What Woody Allen Might Talk About In His Upcoming Memoir

A memoir has long been expected from Woody Allen and finally, his publisher, Grand Central Publishing, has announced it will be out next month, on Apr. 7 and it’s called Apropos of Nothing.

Woody Allen
Woody Allen | John Minihan/Evening Standard/Getty Images

Here’s what Woody Allen might decide to discuss in the publication.

Allen’s been shopping his memoir with no takers

Although Allen’s been working on his life story and one would think any number of publishers would be fighting over it, thanks to his sexual scandals and the #MeToo movement, no publisher would even consider touching it. Finally, the 84-year-old filmmaker found a publisher in Grand Central Publishing, a division of Hachette Book Group. The company released a statement today.

Woody Allen In 'Every Thing You Always Wanted To Know About Sex * But Were Afraid To Ask'
Woody Allen In ‘Every Thing You Always Wanted To Know About Sex * But Were Afraid To Ask’ | United Artists/Getty Images

“The book is a comprehensive account of [Woody Allen’s] life, both personal and professional, and describes his work in films, theater, television, nightclubs, and print. Allen also writes of his relationships with family, friends, and the loves of his life.”

The publisher further said the Husbands and Wives director will “do several interviews in coordination with the publication,” and says the book “will be published this spring in France, Germany, Italy, and Spain, followed by publications in countries around the world.”

Allen’s impeccable career and checkered life

For years, any number of actors would consider it the goal of their careers to work with the director. He has made some of the twentieth-century’s greatest films including Annie Hall, Crimes and Misdemeanors, Hannah and Her Sisters, Manhattan, and Radio Days. He has worked with highly acclaimed actors including Diane Keaton, Anjelica Huston, Selena Gomez, Sam Waterston, and his most frequent collaborator, his ex-partner, Mia Farrow.

Selena Gomez and Woody Allen filming 'A Rainy Day in New York'
Selena Gomez and Woody Allen filming ‘A Rainy Day in New York’ | James Devaney/GC Images

The shadow of sexual abuse allegations against him have tainted his reputation and career. He lost out on an Amazon movie deal because he referred to the #MeToo movement as a witch hunt.

One actor who has remained loyal to Allen is Alan Alda, who worked with the director on three of his films and last year declared he would work with him again, despite actors such as Mira Sorvino and Colin Firth saying they never would again.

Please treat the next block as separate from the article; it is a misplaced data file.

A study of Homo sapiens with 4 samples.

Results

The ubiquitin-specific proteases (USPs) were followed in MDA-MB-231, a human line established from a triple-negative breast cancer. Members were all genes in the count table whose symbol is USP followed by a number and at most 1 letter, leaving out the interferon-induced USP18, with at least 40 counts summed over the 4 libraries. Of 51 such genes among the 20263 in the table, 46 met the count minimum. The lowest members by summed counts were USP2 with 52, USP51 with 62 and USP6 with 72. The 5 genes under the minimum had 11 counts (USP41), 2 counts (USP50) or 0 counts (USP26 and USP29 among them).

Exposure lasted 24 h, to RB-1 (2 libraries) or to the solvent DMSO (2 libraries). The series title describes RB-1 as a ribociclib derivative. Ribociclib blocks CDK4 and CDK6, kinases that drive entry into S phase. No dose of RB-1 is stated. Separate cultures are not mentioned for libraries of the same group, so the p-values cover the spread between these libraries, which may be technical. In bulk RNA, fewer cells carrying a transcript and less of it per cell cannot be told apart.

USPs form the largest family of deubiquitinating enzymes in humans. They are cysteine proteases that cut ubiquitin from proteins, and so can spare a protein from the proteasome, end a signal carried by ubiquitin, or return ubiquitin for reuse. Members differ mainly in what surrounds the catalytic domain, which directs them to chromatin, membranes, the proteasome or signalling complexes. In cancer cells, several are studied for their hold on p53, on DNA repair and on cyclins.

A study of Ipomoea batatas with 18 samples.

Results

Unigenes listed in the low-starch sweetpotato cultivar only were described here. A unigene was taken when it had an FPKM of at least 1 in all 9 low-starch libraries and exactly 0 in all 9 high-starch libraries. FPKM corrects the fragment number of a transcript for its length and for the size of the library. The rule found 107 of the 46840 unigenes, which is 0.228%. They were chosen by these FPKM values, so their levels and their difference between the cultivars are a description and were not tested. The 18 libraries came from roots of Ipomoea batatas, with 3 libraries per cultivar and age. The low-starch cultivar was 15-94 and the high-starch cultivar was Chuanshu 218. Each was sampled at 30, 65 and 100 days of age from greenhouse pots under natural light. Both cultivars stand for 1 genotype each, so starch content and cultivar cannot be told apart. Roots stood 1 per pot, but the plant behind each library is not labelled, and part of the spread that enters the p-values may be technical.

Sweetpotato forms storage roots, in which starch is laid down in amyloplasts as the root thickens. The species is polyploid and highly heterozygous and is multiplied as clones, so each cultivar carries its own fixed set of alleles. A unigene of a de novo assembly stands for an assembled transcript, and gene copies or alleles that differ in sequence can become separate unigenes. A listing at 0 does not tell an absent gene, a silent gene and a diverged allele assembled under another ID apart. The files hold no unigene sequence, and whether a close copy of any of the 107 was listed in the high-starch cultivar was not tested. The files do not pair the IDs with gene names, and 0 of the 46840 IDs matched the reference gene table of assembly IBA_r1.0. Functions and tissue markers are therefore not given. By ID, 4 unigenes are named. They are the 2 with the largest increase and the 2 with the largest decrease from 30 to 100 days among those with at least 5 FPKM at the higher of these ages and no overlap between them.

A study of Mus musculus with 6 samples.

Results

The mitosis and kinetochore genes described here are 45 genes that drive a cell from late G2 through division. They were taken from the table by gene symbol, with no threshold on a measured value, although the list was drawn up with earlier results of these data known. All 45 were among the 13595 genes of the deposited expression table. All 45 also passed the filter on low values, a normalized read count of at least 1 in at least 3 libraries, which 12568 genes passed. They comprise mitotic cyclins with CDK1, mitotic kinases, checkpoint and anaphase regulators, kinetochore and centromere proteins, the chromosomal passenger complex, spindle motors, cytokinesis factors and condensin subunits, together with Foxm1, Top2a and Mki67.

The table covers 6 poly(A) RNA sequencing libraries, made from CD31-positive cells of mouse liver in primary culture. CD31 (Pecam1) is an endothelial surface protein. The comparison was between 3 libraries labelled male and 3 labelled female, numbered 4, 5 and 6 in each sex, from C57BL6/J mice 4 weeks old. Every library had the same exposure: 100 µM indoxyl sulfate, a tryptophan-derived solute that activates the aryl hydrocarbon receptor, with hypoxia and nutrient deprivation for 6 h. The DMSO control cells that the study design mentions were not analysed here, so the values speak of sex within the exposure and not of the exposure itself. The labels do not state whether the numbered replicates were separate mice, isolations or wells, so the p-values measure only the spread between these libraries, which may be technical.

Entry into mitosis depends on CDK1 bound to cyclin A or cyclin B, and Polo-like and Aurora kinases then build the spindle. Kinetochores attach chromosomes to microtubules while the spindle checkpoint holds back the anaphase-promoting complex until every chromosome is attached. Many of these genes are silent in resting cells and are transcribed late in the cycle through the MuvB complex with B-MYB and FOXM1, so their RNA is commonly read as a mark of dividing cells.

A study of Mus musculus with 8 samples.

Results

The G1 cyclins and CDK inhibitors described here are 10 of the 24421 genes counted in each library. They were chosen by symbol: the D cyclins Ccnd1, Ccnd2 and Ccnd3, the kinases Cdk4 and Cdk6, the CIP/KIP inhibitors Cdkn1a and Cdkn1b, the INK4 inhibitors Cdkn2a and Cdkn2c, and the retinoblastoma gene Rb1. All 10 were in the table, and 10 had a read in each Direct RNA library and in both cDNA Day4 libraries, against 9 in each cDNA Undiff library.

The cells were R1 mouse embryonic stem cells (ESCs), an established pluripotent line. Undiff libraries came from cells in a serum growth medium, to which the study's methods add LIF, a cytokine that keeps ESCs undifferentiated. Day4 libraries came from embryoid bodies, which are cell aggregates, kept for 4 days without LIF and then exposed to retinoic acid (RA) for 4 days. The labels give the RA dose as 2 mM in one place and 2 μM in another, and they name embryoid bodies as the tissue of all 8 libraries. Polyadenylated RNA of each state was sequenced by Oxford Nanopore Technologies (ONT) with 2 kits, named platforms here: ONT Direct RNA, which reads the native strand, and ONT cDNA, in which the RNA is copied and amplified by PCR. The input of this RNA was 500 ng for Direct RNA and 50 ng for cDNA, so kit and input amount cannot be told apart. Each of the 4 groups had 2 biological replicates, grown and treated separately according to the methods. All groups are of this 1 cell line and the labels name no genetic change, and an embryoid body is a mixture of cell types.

Diane Keaton, Alan Alda, Anjelica Huston and Woody Allen in a scene from 'Manhattan Murder Mystery'
Diane Keaton, Alan Alda, Anjelica Huston and Woody Allen in a scene from ‘Manhattan Murder Mystery’ | TriStar/Getty Images

He told The Hollywood Reporter, “I’d work with him again if he wanted me. I’m not qualified to judge him. I don’t know all the facts. I don’t know if he’s guilty or innocent. But you can be uncertain — that’s what I go on. I just don’t have enough information to convince me I shouldn’t work with him. And he’s an enormously talented guy.”

What will Woody Allen discuss in his memoir?

Fans of the Broadway Danny Rose director wonder if Allen will cover, of course, his best movies and the actors he’s most enjoyed working with. But what those who have followed his career really hope is that he will offer his side of the story regarding his life and battles with former partner Mia Farrow, his shocking affair and marriage with then-21-year-old Soon-Yi Previn, and the allegations of sexual abuse of his young daughter Dylan Farrow.

In 2018, Allen, regarding the latter allegations relating to his behavior towards his daughter, spoke with an Argentine news program, saying, “This is something that has been thoroughly looked at 25 years ago by all the authorities and everybody came to the conclusion that it was untrue.”

Woody Allen and Diane Keaton in 'Annie Hall'
Diane Keaton and Woody Allen in the film ‘Annie Hall’

“And that was the end, and I’ve gone on with my life. For it to come back now, it’s a terrible thing to accuse a person of. I’m a man with a family and my own children.”

“Everyone wants justice to be done. If there is something like the #MeToo movement now, you root for them. You want them to bring to justice these terrible harassers, these people who do all these terrible things. And I think that’s a good thing.”